01-03-2010, 10:31 AM
Hi Everyone,

I am on my 13 or 14th wave of 5/3/1 and getting some good progress in general. However, my deadlift is really faltering. I recently moved and changed gyms and went from good bars, chalk, bumper plates, and a platform to no chalk allowed, bad knurling on bars, regular steel weights and solid ground to deadlift from. I have started to incorporate grip work into my routine and am going to buy some liquid chalk when I have some money, but can't do much about the bars or ground. My first few reps on my max out set are fine, but then I am feel the bar start to slip. I am wondering if part of the problem may be that I am coming down too violently on the touch and go combined with no bumpers and a solid ground and that is causing some of the issue as well. Anyone experience this problem? Any solutions?

TKisner
01-03-2010, 10:40 AM
As far as the no chalk situation EFS has liquid chalk on their catalog. I don't know how it compares but it might be worth looking into.

ScottYard
01-03-2010, 12:26 PM
A fast hard touch and go can play hell on your grip. What happens most times is the plates touch the the ground unevenly and make the bar roll in your hands. Slow It down for sure and it will get better. Hex holds go a lonmg way to after your done pulling.

sandcracker21
01-04-2010, 07:20 PM
first of all, leave that gym if they dont let you use chalk...

however, maybe try to reset after each rep(this is what i do)
or maybe...gasp! use straps? (i dont recommend this though....i cant stand them unless im doing heavy shrugs)

Tom Mutaffis
01-05-2010, 06:57 AM
Hi Everyone,

I am on my 13 or 14th wave of 5/3/1 and getting some good progress in general. However, my deadlift is really faltering. I recently moved and changed gyms and went from good bars, chalk, bumper plates, and a platform to no chalk allowed, bad knurling on bars, regular steel weights and solid ground to deadlift from. I have started to incorporate grip work into my routine and am going to buy some liquid chalk when I have some money, but can't do much about the bars or ground. My first few reps on my max out set are fine, but then I am feel the bar start to slip. I am wondering if part of the problem may be that I am coming down too violently on the touch and go combined with no bumpers and a solid ground and that is causing some of the issue as well. Anyone experience this problem? Any solutions?

I assume that you compete in powerlifting which is why grip is a concern.

My recommendation would be to start pulling with straps and then do one of the following:
- Learn to hook grip
- Perform independent grip training (DB holds, timed hangs, etc.)

Selling yourself short on deadlift because of grip is the last thing that you want to do. Almost any meet that you attend is going to have a good bar and you do not have to pull for reps so chances are that you would still compete fine; but missing reps in the gym because of grip will not optimize your gains for when you are on the platform.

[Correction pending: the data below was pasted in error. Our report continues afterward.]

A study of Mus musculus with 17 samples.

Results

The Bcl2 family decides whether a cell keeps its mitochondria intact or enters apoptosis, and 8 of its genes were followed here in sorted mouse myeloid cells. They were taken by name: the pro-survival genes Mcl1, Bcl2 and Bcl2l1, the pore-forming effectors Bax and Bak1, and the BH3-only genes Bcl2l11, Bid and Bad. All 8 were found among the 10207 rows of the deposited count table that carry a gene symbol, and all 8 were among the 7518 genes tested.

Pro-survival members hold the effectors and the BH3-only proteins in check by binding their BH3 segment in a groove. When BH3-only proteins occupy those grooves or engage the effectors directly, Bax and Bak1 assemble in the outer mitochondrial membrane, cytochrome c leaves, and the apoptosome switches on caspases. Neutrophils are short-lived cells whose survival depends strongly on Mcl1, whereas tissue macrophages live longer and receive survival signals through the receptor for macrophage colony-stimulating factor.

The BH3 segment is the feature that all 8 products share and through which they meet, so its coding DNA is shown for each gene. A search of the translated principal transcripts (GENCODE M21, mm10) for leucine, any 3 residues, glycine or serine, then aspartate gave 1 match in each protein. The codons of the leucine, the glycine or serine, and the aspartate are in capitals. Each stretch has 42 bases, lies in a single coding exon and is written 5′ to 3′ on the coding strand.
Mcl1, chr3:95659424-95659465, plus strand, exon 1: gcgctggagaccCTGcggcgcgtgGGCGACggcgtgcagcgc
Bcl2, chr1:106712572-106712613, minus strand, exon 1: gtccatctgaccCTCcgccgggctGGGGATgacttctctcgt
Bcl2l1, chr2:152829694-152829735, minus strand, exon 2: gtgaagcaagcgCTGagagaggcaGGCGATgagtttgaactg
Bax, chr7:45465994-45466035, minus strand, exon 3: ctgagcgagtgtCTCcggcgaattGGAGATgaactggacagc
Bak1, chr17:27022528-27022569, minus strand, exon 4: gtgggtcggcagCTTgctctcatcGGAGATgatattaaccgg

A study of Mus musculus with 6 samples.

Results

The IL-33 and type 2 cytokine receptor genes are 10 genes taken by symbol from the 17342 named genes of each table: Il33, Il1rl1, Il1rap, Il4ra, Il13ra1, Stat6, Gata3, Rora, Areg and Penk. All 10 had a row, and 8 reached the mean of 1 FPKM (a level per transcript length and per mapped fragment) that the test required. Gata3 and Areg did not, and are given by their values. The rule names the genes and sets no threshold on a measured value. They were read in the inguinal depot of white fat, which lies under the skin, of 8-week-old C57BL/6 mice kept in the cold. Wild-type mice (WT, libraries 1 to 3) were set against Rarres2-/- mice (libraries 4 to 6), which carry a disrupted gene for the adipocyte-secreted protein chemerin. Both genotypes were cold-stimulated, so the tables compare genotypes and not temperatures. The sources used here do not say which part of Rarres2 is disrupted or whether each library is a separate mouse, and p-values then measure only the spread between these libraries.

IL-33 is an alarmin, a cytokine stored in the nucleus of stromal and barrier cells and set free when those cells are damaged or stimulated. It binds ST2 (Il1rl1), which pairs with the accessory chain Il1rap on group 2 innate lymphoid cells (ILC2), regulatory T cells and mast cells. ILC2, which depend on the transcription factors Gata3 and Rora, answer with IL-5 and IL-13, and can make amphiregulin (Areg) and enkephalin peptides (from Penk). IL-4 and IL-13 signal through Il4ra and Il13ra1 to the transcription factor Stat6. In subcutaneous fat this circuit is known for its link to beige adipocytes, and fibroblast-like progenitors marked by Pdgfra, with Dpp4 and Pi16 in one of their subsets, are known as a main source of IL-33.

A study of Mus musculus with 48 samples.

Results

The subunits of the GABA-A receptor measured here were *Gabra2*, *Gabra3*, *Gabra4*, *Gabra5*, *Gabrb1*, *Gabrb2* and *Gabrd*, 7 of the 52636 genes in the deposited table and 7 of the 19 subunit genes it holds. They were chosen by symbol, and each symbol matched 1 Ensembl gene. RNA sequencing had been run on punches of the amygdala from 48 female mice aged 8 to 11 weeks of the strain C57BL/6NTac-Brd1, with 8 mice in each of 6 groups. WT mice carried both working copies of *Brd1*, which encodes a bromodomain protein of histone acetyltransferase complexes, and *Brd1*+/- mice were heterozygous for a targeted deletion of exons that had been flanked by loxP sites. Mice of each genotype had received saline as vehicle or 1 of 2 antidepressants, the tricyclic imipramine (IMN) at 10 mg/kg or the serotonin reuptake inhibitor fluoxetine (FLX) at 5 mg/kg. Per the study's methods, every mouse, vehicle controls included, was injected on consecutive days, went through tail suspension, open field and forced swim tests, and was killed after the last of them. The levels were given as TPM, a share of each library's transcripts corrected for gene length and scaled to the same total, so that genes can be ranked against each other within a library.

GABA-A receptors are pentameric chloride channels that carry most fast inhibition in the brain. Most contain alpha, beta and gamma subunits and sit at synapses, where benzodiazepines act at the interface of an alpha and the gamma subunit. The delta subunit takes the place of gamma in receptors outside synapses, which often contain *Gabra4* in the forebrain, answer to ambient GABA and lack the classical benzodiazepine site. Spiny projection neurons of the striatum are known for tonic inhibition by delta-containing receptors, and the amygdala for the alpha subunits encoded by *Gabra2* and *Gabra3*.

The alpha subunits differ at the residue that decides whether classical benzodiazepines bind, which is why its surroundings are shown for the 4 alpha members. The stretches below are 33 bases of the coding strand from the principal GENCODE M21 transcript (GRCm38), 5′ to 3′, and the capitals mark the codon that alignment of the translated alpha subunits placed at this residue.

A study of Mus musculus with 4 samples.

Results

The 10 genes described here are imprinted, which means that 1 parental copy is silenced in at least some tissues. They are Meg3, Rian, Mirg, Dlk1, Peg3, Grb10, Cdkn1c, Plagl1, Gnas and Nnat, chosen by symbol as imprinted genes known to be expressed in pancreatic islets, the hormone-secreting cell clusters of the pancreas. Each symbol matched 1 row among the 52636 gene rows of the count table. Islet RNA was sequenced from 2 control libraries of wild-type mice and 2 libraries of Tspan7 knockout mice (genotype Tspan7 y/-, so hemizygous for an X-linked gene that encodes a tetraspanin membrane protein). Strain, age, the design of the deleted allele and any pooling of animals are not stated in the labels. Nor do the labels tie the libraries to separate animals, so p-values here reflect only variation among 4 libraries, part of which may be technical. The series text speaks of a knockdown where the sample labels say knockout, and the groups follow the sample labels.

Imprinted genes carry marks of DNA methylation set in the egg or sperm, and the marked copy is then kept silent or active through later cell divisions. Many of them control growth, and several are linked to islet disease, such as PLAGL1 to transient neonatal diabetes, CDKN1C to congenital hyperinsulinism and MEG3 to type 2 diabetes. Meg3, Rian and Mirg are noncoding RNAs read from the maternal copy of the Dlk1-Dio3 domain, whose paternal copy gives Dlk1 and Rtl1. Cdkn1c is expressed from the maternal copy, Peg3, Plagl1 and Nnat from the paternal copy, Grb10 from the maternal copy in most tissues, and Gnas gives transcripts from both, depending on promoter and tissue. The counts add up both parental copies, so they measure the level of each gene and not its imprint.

Judas
01-05-2010, 08:18 AM
Static holds are your grip fix. Period. Or like Tom said, hook-grip... if you're a badass.

But i think you should use chalk. I've worked out in a few uptight gyms that did not allow chalk. That never stopped me from using it. Just be sneaky. Its dumb, stupid, moronic, asinine rule... i wont respect it. If they are real dinks about it, keep the chalk bucket in your gym bag (i always bring my bag in too, even if i have to walk it past the 'No Bags' sign...). Theres always a way. Clean the bar after you're done. Dont make white clouds, etc.

Also, unless you are exclusively weightlifting, dont use olympic bumpers for deadlifting. They are wider, space the weight out further and make lifting easier. If you ever do a comp you'll find very thin plates and 400lbs WILL feel heavier than 400lbs in bumpers did. And if you bounce (nothing wrong with bouncing) bumpers certainly bounce better, again giving you a false impression ov what you can do.

Lifting on a crappy bar is the opposite ov lifting with bumpers. It will make the pull harder... which will give you a pleasant surprise if you ever compete.

stik
01-05-2010, 02:50 PM
In order to increase my grip ability, I use something I read about in "PL USA" magazine that Gaynor said Kuc used to fix others grip issues. On my last rep of my last set, I hold the bar for ten seconds before I put it back down.

I also personally don't touch and go. I release, set up/grab, and then pull. This might be one of those "whatever works" things.

geoffsherman
01-06-2010, 06:45 PM
Thanks for the feedback. I think what I may do for the short-term (while I am at this gym) is go strapless for my warmups and then on my main workset use the straps. I am definitely hammering the static holds and doing farmer's walks with heavy KBs to see how that works.

BloodandThunder
01-06-2010, 07:40 PM
I've been in your position before lol. Hook or double overhand all your warmups until you get set for your primary sets. Resetting, although killing the stretch reflex you get from consecutive reps, might help you if you have problems with the pull from the floor. But it also does save your hands a little. Also, most gyms ban chalk because of a few lifters who run around and unneccessarily get it all over the place. Show them that you can powerlift and be respectful of your equipment and you'd be surprised what theyd let you get away with. Or find a powerlifting gym to train your deadlifts on the weekend.